The governor has signed an executive order aimed at cutting red tape by suspending rulemaking within state agencies, except for critical regulations and those mandated by statute.
The order also requires every state agency to conduct a review of existing and pending regulations and submit a report to the governor’s office by Nov. 15. Governor Pete Ricketts has appointed a four-member panel to help with the review.
In a news release announcing the move, Ricketts said any regulation determined to be more restrictive than required under state or federal law, or that creates an undue burden on Nebraskans, will be revised or repealed. Knowing that the governor has said he wants to run government like a business, such a move makes sense.
I was almost ready to give him kudos until I asked myself where the idea came from and what is the end game? Ricketts said Nebraska’s regulations have 7.5 million words, more than 100,000 of which are restrictive in nature. He said a person reading 300 words a minute for 40 hours a week would need 10 weeks to make it through all of them.
In the news release, Ricketts said that James Broughel, a research fellow for the state and local policy project at the Mercatus Center at George Mason University, did an initial review. The Mercatus Center is a nonprofit think tank that was founded and funded by Koch Industries. George Mason University was founded in 1972 on a campus just outside Washington, D.C., and is now Virginia’s largest public research university.
The center has been described by The Washington Post as “anti-regulatory.” It has engaged in campaigns involving deregulation, especially environmental deregulation. During the George W. Bush administration's campaign to reduce government regulation, the Wall Street Journal reported, "14 of the 23 rules the White House chose for its hit list" to eliminate or modify were Mercatus entries.
Mercatus describes its mission "to generate knowledge and understanding of the institutions that affect the freedom to prosper, and to find sustainable solutions that overcome the barriers preventing individuals from living free, prosperous, and peaceful lives."
Ricketts said the idea of the Nebraska review is to "eliminate harmful and wasteful regulations that are a hindrance to the job creators, ag producers, startups and small businesses that are growing our state.” Red tape slows economic growth, the governor stressed. Over the past decade, Nebraska’s real gross domestic product has grown at an average of 2 percent a year. At that rate, it will take 35 years for the state’s economy to double in size, he said.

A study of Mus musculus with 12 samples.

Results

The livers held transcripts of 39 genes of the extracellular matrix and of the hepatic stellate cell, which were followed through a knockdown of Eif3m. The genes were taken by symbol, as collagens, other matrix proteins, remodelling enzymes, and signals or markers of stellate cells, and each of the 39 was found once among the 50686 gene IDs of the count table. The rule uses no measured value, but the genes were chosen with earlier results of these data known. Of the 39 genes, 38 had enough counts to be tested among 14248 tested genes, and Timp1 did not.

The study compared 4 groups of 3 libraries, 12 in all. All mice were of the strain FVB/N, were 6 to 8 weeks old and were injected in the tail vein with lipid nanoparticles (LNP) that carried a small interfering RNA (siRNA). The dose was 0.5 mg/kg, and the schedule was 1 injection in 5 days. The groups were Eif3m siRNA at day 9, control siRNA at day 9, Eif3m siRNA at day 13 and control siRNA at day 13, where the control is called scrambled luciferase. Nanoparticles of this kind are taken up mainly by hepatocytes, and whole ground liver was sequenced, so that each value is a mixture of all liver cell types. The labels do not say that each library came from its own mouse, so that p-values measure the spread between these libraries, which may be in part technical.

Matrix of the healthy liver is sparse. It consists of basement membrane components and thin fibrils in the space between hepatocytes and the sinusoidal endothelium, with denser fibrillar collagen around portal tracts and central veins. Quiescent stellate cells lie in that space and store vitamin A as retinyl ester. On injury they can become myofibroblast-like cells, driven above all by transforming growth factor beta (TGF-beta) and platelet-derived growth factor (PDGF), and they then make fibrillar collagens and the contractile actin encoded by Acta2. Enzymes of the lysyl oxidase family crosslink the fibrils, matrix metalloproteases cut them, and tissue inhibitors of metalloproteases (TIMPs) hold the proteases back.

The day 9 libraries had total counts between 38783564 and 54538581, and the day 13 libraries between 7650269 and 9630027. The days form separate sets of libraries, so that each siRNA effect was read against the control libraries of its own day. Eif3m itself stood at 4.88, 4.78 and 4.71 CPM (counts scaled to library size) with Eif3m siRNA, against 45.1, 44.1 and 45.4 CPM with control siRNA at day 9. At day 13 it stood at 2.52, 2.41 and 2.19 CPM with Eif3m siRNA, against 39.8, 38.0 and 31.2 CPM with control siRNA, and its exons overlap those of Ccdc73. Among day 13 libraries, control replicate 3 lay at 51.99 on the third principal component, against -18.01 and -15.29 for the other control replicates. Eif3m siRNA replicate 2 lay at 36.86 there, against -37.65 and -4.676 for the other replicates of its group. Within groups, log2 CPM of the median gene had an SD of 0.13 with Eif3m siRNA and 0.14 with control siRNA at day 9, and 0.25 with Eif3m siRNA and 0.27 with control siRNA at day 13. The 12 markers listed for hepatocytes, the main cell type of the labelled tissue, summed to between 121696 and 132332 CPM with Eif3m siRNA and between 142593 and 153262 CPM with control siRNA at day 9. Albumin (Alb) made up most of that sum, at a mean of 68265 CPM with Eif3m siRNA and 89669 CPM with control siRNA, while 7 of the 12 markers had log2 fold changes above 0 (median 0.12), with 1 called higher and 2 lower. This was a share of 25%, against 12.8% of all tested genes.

Koch Industries is an American Multinational corporation based in Wichita, Kansas. It has subsidiaries involved in manufacturing, trading, and investments, including a fertilizer factory near Beatrice and a nitrogen plant at Greenwood. Since 1960, the privately held company said, the value of Koch Industries has grown 4,200-fold, outpacing the Standard & Poor's index by nearly 30 times. Koch is now a key player in the fracking boom that's vaulting the United States past Saudi Arabia as the world's top oil producer. The firm employs about 60,000 people in the United States and another 40,000 in 59 other countries. In 2013-2015, Forbes listed it as the second largest privately held company (after Cargill) in the U.S.
The enormity of the Koch fortune is no mystery. Brothers Charles and David are each worth more than $40 billion. The electoral influence of the Koch brothers is similarly well chronicled. Their political network reportedly helped finance the Tea Party and plays a large role in the financial health of today’s Republican Party.
As I often say, none of this activity – as far as I can tell – is illegal. But one has to ask whose ox is getting gored, whose palm is being greased.
Ricketts’ all Republican advisory task force includes: state Sen. John Murante of Gretna, chairman of the Legislature’s Government, Veterans and Military Affairs Committee; Department of Banking and Finance Director Mark Quandahl (a former state senator); Department of Revenue Director Tony Fulton (also a former state senator) and Department of Health and Human Services Chief Operating Officer Bo Botelho.
How about a bi-partisan group to monitor the work of the appointed task force? Checks and balances. I think we’d likely all feel better about any outcome.
J.L. Schmidt is the statehouse correspondent of the Nebraska Press Association. He has been covering Nebraska government and politics since 1979. He has been a registered independent for 18 years.